Advice for New Parents: 8 Happiness Tips
Advice for New Parents
Plenty of folks offer new parents nitty-gritty baby tips for getting the job done. I’ve written some myself and trust me—you’ll need ‘em! But here’s something different…tips to help you thrive, grow and truly enjoy your journey as a new-parent-to-be.
Some first-time parents get emotional whiplash flipping between feeling like you’ve got the job nailed…and like an inept rookie. But, you know what? You are the newest, shiniest link in an unbroken chain of successful parents that stretches back to the beginning of time! Believe me, things get much stickier later on (fears, unfair friends, teen traumas, etc.). But for now, you will be a total success if you just keep to the basics: love, touch, singing, milk and patience.
Be kind…to yourself.
If you’re like many first-time parents, you’ve barely ever touched a newborn—before you had your own—yet you think you should automatically be a baby care expert. Please, ask that “judge” in your head to take a hike. Be as supportive to yourself as you would be to your best friend. That’s a sure path to greater satisfaction and happiness, and some of the best advice for new parents.
Get as much sleep as possible (maybe my best advice for new parents).
If parenting is a big balloon of joy, exhaustion is the pin that pops it! Your sleep success can make or break a mood. After 30 years in pediatric practice, I have seen over and over again how sleep deprivation can reduce a mom or dad to tears. It makes you feel alone, incompetent, edgy and causes serious accidents and sickness. The 5 S’s are a simple tool to help boost baby sleep…and so is SNOO, our smart sleeper; the safest, most effective baby bed ever made! (OK, I may be a little biased, but…really it is!)
Accept all the help you can get as a new parent.
Never before in history have moms and dads been expected to care for their newborns…all alone. We always had moms, aunts and older sisters living with us to help out. And when both parents work, they're even more pressed. So, my advice for new parents? Don’t hesitate to ask or pay for help. You need…and deserve it. Lean on your friends and family, look into SNOO, or hire some help. You’ll get more sleep and enjoy your beautiful growing family more fully.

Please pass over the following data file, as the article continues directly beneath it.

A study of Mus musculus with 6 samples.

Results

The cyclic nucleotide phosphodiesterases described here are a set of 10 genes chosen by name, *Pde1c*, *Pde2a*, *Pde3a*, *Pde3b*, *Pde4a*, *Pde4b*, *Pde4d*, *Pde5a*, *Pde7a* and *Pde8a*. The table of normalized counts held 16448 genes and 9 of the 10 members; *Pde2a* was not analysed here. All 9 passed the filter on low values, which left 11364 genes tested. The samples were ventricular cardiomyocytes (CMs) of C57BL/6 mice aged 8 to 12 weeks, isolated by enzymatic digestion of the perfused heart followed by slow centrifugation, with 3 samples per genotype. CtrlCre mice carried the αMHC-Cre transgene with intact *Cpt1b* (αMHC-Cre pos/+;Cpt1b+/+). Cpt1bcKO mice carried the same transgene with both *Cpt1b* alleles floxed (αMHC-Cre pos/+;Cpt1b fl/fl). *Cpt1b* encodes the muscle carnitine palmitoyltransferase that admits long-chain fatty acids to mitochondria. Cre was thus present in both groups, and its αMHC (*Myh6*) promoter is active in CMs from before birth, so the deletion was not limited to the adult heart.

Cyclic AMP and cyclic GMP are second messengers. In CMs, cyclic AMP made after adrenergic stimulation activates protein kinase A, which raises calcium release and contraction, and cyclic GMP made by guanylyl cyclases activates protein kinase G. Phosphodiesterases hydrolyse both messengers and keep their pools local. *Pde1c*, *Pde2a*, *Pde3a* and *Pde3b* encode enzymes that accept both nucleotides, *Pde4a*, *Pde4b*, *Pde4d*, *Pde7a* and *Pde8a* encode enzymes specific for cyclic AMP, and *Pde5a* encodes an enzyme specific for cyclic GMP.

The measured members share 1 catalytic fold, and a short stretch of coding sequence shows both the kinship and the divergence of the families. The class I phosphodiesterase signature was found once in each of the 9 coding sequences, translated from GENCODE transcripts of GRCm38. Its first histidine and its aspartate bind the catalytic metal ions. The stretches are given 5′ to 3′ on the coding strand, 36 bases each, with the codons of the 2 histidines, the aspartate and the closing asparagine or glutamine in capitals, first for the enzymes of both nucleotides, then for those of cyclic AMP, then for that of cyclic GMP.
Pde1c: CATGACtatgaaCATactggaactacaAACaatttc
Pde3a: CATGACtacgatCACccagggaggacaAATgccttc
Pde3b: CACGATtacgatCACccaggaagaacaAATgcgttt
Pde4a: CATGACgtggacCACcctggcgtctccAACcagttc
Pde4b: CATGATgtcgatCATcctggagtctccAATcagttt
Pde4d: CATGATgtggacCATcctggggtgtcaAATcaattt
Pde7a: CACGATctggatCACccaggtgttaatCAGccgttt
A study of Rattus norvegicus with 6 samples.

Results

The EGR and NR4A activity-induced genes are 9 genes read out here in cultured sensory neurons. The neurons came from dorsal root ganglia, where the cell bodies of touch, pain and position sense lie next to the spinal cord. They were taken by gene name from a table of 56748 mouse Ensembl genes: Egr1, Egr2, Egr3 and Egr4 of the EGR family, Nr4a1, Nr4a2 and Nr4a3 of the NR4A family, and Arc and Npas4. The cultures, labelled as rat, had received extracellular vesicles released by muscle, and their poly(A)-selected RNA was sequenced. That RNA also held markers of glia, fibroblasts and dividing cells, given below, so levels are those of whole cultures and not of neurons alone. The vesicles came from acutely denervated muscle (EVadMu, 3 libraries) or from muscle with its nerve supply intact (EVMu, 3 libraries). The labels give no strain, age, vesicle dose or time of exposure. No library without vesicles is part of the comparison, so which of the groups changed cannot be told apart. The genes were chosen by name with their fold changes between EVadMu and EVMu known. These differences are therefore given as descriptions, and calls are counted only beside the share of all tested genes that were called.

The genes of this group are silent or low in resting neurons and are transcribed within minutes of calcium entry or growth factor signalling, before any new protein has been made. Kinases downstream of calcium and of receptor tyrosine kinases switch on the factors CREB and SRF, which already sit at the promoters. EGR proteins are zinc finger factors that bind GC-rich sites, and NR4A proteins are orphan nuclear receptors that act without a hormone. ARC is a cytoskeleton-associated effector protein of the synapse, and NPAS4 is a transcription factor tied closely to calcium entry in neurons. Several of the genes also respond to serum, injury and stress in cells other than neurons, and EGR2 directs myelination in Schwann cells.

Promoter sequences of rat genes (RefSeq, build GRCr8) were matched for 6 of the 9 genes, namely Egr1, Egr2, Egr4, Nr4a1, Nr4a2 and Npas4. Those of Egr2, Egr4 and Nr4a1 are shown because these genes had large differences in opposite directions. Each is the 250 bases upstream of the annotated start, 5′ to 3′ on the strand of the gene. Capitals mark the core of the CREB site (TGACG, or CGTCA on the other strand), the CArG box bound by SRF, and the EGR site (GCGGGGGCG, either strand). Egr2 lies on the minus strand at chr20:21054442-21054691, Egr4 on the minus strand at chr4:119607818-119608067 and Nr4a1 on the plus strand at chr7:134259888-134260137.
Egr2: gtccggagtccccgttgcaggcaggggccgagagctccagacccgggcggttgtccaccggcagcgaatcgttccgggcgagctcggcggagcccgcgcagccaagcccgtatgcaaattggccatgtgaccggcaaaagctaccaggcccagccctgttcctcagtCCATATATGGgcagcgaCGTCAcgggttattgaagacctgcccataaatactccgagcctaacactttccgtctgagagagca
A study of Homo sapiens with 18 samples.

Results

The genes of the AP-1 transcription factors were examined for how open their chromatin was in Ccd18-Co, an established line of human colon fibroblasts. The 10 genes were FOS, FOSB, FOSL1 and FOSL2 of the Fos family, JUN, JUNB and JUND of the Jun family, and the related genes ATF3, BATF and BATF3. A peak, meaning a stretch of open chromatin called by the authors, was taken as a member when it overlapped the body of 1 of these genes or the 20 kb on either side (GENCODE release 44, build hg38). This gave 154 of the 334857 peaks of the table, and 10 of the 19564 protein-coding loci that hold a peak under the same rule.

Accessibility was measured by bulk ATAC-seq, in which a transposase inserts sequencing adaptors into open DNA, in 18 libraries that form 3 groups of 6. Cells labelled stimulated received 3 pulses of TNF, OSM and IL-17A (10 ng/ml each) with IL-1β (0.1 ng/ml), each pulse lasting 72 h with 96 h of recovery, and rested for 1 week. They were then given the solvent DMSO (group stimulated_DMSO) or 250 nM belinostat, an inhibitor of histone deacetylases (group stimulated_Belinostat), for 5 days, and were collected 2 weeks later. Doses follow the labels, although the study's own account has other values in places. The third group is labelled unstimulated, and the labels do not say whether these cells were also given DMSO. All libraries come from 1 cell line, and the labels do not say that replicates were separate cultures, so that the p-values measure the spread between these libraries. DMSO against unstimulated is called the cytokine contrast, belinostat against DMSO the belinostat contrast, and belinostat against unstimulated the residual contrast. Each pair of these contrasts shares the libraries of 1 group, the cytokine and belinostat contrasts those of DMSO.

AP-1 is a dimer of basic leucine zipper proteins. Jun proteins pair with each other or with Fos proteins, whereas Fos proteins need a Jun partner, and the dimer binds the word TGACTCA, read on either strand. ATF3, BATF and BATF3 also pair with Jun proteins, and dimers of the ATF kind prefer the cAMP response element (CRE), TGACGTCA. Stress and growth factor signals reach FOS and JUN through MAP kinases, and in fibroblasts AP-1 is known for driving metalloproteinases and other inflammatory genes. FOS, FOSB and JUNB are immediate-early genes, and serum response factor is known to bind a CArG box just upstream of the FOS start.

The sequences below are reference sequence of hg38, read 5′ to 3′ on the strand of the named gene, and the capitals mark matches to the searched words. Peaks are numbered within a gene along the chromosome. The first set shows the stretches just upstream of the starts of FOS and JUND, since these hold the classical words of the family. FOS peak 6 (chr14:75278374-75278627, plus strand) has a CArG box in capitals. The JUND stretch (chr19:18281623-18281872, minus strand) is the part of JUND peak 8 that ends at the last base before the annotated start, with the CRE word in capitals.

Be flexible as you get used to being a new parent.
You will naturally find that some parenting philosophies make more sense to you than others, but if I were to make a bumper sticker for parents, it would say “Be flexible…or die!” It is great to have ideas and plans, but our children are here to challenge all of our preconceived expectations. Another quote I love is from a man in the 1600’s, “Before I had children I had 6 theories on how to raise them. Now I have 6 children and no theories!” Stay flexible especially when things aren’t going as planned. You may be surprised how “just rolling with it” can keep your good mood going.
Don’t lose your sense of humor when you become a first-time parent.
Remember, perfection is found only in the dictionary. So, forget dignity, forget organization, be gentle with yourself and…laugh, laugh, laugh! Laughter raises your spirits, lowers your stress and is exactly what this doctor orders!
Take care of each other. And do some fun stuff!
Caring for your baby is only half your job; the other is giving your main squeeze some TLC. Step out for dinner or a walk when a family member comes to visit. Find time to cook together, cuddle on the couch and maybe even…wait for it…you know! [Read More: Sex After Birth]
It’s become almost as annoying to be told “the time goes so fast” as it is to hear “sleep when the baby sleeps.” But it’s true! If your head's caught in the past or the future, you will miss the miracle that is your baby’s first year of life. Hold her close and feel her heartbeat. Lose yourself in her smile. Be truly present when she says dada or mama for the first time. There are few, if any, happier moments in life. Enjoy and thrive!
Final Words of Advice for New Parents
Those are some of my best tips for new parents that I’ve been doling out for decades. Above all, remember that if you’re doing your best first-time parent, you’re doing a great job. And if you’re struggling, don’t be afraid to ask for help. Some resources you might consider: If your newborn isn’t sleeping, check out my Newborn Sleep Tips and Habits. If you’re having trouble with your own mental health, don’t hesitate to use one of these Mental Health Resources for New Parents. You’ve got this!